Worthington Minnesota 300 11th Street / P.O. Box 639 56187

WORTHINGTON -- Six staff members from Prairie Elementary have banded together to fight autism and raise money for research into autism spectrum disorders.


Ebbers will lead a group of five paraprofessionals in the Walk Now for Autism Speaks on June 11 in Sioux Falls, S.D. Money the group raises will go to the South Dakota branch of Autism Speaks, but because many local students go to Sioux Falls for their medical needs, it will benefit Minnesotans as well.

"They are collecting money for research and some programs to help the families, and a lot of it is to help with awareness too," Ebbers explained.

Four of the paraprofessionals on Amy's Crew work specifically with students who have autism spectrum disorders.

They are Lyn Hennings, Sue Bents, Melissa Elsing and Sara VandenBosch. The other paraprofessional, Sarah Martin, works with students with emotional and behavioral disorders.

The crew has already raised about $500 for the walk by simply asking people to help, and through a mass e-mail to Prairie staff. Both methods of fundraising garnered positive responses from staff members.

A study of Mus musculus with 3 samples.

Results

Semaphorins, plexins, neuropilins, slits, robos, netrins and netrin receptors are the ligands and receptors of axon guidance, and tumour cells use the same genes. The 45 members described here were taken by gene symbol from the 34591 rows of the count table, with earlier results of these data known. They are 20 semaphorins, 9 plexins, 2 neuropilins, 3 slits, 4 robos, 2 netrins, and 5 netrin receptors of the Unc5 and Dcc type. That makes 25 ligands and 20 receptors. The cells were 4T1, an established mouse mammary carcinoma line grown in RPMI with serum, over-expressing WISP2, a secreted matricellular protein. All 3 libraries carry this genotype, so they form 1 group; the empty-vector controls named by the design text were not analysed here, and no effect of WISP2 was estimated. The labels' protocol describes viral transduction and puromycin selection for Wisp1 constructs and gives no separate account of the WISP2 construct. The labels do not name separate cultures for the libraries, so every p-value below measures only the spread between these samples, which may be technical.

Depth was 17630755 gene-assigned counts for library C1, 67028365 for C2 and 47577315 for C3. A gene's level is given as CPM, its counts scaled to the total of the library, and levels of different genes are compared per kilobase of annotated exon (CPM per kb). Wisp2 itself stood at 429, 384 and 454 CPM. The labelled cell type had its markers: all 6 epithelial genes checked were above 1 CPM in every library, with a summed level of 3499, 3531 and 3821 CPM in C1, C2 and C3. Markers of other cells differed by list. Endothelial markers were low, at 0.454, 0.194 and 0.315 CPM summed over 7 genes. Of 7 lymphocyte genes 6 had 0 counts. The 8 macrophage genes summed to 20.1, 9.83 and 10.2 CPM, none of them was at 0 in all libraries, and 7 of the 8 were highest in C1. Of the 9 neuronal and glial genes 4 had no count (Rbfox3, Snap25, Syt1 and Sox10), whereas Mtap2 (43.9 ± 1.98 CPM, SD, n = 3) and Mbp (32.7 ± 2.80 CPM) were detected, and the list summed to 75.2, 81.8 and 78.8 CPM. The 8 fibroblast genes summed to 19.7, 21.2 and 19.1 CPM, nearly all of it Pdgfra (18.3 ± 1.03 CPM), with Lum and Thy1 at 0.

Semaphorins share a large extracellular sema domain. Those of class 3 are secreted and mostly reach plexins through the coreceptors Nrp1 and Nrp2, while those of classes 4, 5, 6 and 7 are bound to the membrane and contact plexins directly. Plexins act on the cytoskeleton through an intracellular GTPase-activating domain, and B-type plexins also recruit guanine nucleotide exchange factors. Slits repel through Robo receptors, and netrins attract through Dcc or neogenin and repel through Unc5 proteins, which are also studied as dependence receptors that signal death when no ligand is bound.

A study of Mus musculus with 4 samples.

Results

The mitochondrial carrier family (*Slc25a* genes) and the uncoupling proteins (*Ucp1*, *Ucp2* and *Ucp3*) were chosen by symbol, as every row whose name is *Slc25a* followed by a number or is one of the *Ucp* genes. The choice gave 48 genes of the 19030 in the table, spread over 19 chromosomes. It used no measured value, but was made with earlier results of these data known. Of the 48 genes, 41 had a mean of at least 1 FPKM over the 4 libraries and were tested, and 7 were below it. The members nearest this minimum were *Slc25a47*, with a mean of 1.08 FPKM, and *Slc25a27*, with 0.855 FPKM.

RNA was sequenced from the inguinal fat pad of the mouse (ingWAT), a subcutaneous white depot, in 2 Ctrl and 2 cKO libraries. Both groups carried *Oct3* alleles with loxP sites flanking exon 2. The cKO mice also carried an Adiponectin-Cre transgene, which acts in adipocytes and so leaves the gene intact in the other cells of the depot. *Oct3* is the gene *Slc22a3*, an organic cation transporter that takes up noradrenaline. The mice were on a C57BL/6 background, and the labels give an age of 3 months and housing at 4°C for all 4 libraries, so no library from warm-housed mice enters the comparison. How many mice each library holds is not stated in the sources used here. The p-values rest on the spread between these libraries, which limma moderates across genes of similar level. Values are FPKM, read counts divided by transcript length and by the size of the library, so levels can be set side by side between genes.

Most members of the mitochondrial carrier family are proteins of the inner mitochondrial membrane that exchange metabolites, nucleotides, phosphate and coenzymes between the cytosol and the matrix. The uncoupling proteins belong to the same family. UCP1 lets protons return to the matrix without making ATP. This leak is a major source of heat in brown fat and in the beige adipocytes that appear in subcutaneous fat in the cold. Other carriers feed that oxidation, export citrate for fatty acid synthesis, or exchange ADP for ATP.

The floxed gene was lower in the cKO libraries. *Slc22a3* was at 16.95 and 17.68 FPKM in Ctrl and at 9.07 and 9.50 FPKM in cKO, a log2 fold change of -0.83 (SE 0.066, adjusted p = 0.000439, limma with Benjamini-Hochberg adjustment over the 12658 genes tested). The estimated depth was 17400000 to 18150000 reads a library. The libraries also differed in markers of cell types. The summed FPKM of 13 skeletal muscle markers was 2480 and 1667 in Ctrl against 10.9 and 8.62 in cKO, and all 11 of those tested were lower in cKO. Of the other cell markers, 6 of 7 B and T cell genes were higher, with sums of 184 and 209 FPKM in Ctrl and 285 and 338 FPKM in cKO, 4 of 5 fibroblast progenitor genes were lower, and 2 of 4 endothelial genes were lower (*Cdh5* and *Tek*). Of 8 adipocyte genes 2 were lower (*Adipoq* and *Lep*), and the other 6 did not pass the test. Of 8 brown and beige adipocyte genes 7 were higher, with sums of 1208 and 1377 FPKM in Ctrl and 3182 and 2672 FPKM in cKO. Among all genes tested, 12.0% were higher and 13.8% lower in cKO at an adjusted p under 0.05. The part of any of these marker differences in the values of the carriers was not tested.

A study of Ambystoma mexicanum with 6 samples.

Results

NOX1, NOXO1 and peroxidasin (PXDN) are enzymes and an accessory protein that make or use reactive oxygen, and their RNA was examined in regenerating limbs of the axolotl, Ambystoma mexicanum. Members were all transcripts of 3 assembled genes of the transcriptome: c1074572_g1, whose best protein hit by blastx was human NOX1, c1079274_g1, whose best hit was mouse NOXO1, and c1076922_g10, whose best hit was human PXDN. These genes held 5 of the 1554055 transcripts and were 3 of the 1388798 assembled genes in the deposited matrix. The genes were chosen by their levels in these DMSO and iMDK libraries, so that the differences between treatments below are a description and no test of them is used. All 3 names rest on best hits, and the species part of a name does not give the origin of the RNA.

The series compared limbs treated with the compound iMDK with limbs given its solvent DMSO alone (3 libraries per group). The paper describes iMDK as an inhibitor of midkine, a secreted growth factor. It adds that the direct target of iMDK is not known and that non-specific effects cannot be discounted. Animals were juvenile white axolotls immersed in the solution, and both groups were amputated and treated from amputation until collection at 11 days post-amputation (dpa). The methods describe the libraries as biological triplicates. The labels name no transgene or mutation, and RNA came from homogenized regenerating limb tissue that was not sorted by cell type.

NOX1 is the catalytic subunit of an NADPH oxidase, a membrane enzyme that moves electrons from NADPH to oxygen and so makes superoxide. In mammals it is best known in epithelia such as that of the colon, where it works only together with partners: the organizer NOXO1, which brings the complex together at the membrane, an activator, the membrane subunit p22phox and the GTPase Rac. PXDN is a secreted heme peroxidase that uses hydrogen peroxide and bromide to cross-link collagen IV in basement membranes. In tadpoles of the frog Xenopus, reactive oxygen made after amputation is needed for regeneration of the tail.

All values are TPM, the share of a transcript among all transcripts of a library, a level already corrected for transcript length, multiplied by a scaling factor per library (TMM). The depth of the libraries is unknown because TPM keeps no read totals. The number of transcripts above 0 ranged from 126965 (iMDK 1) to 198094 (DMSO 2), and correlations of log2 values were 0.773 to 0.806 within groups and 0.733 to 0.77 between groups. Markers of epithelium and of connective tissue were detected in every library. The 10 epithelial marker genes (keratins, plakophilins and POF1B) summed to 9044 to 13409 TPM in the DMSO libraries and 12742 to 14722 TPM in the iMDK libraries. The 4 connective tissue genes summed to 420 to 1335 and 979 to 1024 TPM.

"They know it's worthy. They know the numbers (of students with autism) are increasing in this building alone," Ebbers said.

How much the incidence of autism is increasing is a matter of hot debate in the scientific community, but whether it is becoming more common or its diagnosis is becoming more common, a child is diagnosed with autism every 20 minutes.

Students with autism spectrum disorders have difficulty with social interactions and in communicating with other people. Anything that can cause brain damage can cause autism, Ebbers said.

"It affects how the kids see the world. They don't see it like we do," Ebbers explained. "They don't see social cues like a regular student does. They don't read facial expressions like we do. Interaction is tough for them. It's easier for them to just stay in their own little world."

Twenty students with autism spectrum disorders will attend Prairie Elementary next year. Some will be integrated totally into the classroom, and others will be supervised by teachers and paraprofessionals for part of their school days. Many of them will work on behavior modification, learn to read facial expressions and connect them with emotions, and respond to social situations most people understand without having to consciously think about it.

"(Working with autism spectrum disorder students) is always rewarding, because you can see the changes they make, but there are some struggles, too," Ebbers said. "Sometimes the gate is open and you can work with them, and sometimes it's not."

To donate to Amy's Crew, visit www.walknowforautismspeaks.org and click on Support a Walker. Type in one of the walkers' names and click donate.